I was updating a Google article and decided I need to start fresh because the interface changed. I thought it would be faster if I imported a CSV file to Google Contacts. Not really. It took me a couple of tries. The good news is that you can learn from my mistakes.
Attempt 1: Total Failure
My first attempt met with total failure. What was worse was there was virtually no help.
It was annoying. Was I supposed to try again later because Google was having problems? Or, was something wrong with my file. Google’s help file didn’t provide clues.
In this case, it was my source CSV file. I had a column that was unknown to Google. Most systems I’ve dealt with allow you to do field mapping. That helps when column names are different or don’t exist. Google didn’t have this feature.
Attempt 2: Pull Out the Suspect Column
My next move was to delete a column I knew Google Contacts didn’t have. I had one called P#. While I didn’t get any import errors, I was missing data for each contact. Where were my email addresses?
Drilling Down Into a Contact
Since I didn’t get any import errors like before, I was curious how a record showed. I clicked Abe’s record. Within the Contact Details, I could see Abe’s email address. But, it was categorized as a Note, not an email. That would make it difficult to correspond with people.
It appears Google isn’t mapping this field correctly. The most likely reason is my column heading name. The interesting thing is my CSV column label was Email and it looks like Google’s label in the application is Email.
Different Fields for Different Folks
When you think about importing, you realize that some fields have “one to many” relationships. For example, how many email addresses do you have? The same goes for phone numbers, mail addresses and other fields. And each one of these instances probably needs a descriptive label like “work” , “home”, or “mobile”.
In addition, Google tries to anticipate fields from other popular services. When you add this all up, you’re looking at more fields than what Google Contacts displays. There were some I never heard of such as Yomi Name.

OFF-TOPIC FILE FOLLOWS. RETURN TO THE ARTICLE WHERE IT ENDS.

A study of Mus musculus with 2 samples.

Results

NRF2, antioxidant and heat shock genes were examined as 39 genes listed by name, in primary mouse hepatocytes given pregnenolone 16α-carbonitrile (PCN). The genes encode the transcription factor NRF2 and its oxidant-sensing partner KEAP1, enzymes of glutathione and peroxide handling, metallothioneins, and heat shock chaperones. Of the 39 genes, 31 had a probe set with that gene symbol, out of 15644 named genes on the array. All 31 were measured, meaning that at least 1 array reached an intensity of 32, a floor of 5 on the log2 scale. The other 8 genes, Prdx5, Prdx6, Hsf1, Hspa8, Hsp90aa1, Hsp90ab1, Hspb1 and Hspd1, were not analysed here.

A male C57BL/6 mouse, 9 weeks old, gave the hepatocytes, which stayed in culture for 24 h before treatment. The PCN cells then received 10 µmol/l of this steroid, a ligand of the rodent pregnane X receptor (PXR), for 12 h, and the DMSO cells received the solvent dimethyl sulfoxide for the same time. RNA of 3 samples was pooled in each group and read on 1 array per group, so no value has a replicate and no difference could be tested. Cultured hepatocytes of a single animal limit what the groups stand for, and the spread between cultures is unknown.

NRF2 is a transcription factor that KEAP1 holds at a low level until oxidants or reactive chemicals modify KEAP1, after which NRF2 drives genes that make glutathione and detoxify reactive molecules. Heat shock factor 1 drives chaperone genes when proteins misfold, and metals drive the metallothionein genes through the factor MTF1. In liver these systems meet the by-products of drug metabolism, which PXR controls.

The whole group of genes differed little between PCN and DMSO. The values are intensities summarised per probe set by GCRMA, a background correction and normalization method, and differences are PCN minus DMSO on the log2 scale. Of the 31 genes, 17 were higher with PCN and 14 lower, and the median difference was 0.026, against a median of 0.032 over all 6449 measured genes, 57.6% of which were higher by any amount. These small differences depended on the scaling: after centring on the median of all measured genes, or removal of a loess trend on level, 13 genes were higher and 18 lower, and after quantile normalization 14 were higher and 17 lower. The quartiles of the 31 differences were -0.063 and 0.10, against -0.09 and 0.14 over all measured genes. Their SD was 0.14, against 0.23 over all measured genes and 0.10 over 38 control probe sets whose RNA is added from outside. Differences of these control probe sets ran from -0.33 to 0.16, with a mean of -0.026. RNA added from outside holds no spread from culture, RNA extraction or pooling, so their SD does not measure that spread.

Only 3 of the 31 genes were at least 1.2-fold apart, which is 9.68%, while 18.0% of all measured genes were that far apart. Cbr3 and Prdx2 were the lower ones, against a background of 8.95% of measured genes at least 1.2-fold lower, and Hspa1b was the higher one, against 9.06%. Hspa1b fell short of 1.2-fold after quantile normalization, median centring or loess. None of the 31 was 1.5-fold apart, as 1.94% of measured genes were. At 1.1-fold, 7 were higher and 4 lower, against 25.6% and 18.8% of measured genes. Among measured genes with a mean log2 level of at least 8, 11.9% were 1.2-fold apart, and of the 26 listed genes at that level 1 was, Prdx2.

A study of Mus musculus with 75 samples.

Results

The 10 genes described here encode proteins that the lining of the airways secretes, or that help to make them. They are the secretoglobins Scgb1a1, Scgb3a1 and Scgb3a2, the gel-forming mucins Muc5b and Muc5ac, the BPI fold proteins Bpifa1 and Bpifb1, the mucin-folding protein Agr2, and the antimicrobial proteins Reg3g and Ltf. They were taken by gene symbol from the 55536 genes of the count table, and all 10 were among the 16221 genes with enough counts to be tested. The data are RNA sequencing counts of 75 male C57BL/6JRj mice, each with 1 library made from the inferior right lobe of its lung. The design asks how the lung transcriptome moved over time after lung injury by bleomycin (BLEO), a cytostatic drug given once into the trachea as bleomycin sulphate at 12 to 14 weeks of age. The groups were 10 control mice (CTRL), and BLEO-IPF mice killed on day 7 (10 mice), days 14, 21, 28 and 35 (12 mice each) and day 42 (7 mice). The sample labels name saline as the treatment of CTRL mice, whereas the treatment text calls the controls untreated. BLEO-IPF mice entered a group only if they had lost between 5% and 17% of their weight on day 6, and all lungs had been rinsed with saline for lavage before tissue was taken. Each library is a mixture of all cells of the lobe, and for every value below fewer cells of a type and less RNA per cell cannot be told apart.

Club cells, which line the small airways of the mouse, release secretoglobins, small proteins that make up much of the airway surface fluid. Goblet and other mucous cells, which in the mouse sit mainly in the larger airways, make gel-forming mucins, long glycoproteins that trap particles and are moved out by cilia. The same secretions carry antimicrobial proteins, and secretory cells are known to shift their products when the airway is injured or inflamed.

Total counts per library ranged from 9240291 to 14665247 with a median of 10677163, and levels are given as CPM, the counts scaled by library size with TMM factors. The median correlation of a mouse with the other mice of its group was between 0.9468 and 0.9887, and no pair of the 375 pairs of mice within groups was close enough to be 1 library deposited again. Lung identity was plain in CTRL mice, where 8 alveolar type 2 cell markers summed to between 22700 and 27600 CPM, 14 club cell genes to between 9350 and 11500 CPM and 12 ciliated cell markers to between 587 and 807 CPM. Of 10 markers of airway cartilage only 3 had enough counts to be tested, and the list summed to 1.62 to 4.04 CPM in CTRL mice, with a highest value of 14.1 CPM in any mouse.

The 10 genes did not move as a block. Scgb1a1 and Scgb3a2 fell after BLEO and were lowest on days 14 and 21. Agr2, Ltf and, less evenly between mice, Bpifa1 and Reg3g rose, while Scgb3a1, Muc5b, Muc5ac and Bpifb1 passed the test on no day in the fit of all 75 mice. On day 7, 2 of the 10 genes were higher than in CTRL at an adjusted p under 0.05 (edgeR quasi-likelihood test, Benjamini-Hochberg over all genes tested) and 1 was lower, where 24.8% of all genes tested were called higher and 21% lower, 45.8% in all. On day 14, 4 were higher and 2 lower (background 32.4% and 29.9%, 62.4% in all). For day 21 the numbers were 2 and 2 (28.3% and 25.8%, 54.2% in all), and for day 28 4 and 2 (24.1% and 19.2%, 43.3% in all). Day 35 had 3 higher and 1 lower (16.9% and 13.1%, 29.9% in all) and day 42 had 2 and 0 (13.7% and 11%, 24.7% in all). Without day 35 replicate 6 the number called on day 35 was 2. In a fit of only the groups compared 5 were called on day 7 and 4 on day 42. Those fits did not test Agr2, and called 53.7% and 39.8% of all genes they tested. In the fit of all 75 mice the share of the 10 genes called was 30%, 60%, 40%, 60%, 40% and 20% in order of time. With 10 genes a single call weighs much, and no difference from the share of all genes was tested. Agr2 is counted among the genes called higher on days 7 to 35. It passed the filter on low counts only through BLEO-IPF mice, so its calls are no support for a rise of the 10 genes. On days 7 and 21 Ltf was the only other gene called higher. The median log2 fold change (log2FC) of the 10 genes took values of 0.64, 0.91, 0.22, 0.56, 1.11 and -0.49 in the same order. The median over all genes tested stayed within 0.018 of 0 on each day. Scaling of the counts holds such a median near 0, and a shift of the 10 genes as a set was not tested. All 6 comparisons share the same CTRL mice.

The bottom line is you need to do a little translation between Google and your contact source. To give example, that column header field I called “Email” needed to be renamed to “E-mail 1 – Value.
Time needed: 15 minutes.
Importing Contacts to Gmail,
- Create your source contacts file in a CSV format.
Most contact programs will have an “Export” menu option with this file format.
- Find your most complicated contact record in your source file.
A good example is one with multiple phone numbers, multiple emails, birthdate, etc.
- Recreate that record in Google Contacts by typing in your values.
Click the “More fields” link in the bottom left to see additional items.
- Save your example record.
- Open that record and click the three vertical dots towards the top right.
- Select Export from the drop down-menu.
This will be our template record.
- Open your downloaded file – contacts.csv
There will be a lot of column headers. I prefer to transpose them so I can see the field names going down the 1st column.
- Open your source file from Step 1.
- Change your source column names to match the Google field names shown on the spreadsheet.
For example, I needed to change my Email column name to Email 1 – Value.
- Scroll down the left navigation pane to the More section and click.
- Click Import.
- On the Import contact dialog, click the blue Select file button.
- Find your corrected source file and click Open.
- You should now see your source file listed.
- Click Import.
- Check your results.
You should see a number of records showing with an “Imported on” label with the date. These items do not show under Contacts yet.
- From the left side, click the “Imported on” label.
- Select the records would like to add to contacts.
You can do this individually or select all.
- Click the Add to Contacts item. The button has an image of a person’s head with a + sign to the left.
My Sample Contact Map
To illustrate how this process might look, I’ve included a mapping I did from my sample Abe Lincoln record that I manually entered into Google Contacts. You can download it from the Resources section below.
I should also mention that I did transpose my columns on this sheet. When you initially open the contacts.csv file from Google, Column A will show across Row 1. For my purposes, I found it easier to look at those fields as a column.
- Column A is the name Google needs for import
- Column B is the values I entered on the Contact record. In some cases, Google derives certain values.
- Column C is the field label you see on the web.
Using this table, you can see that even though I entered “Lincoln” in the “Last Name” field on the Contact page, Google is calling this field “Family Name” for import purposes.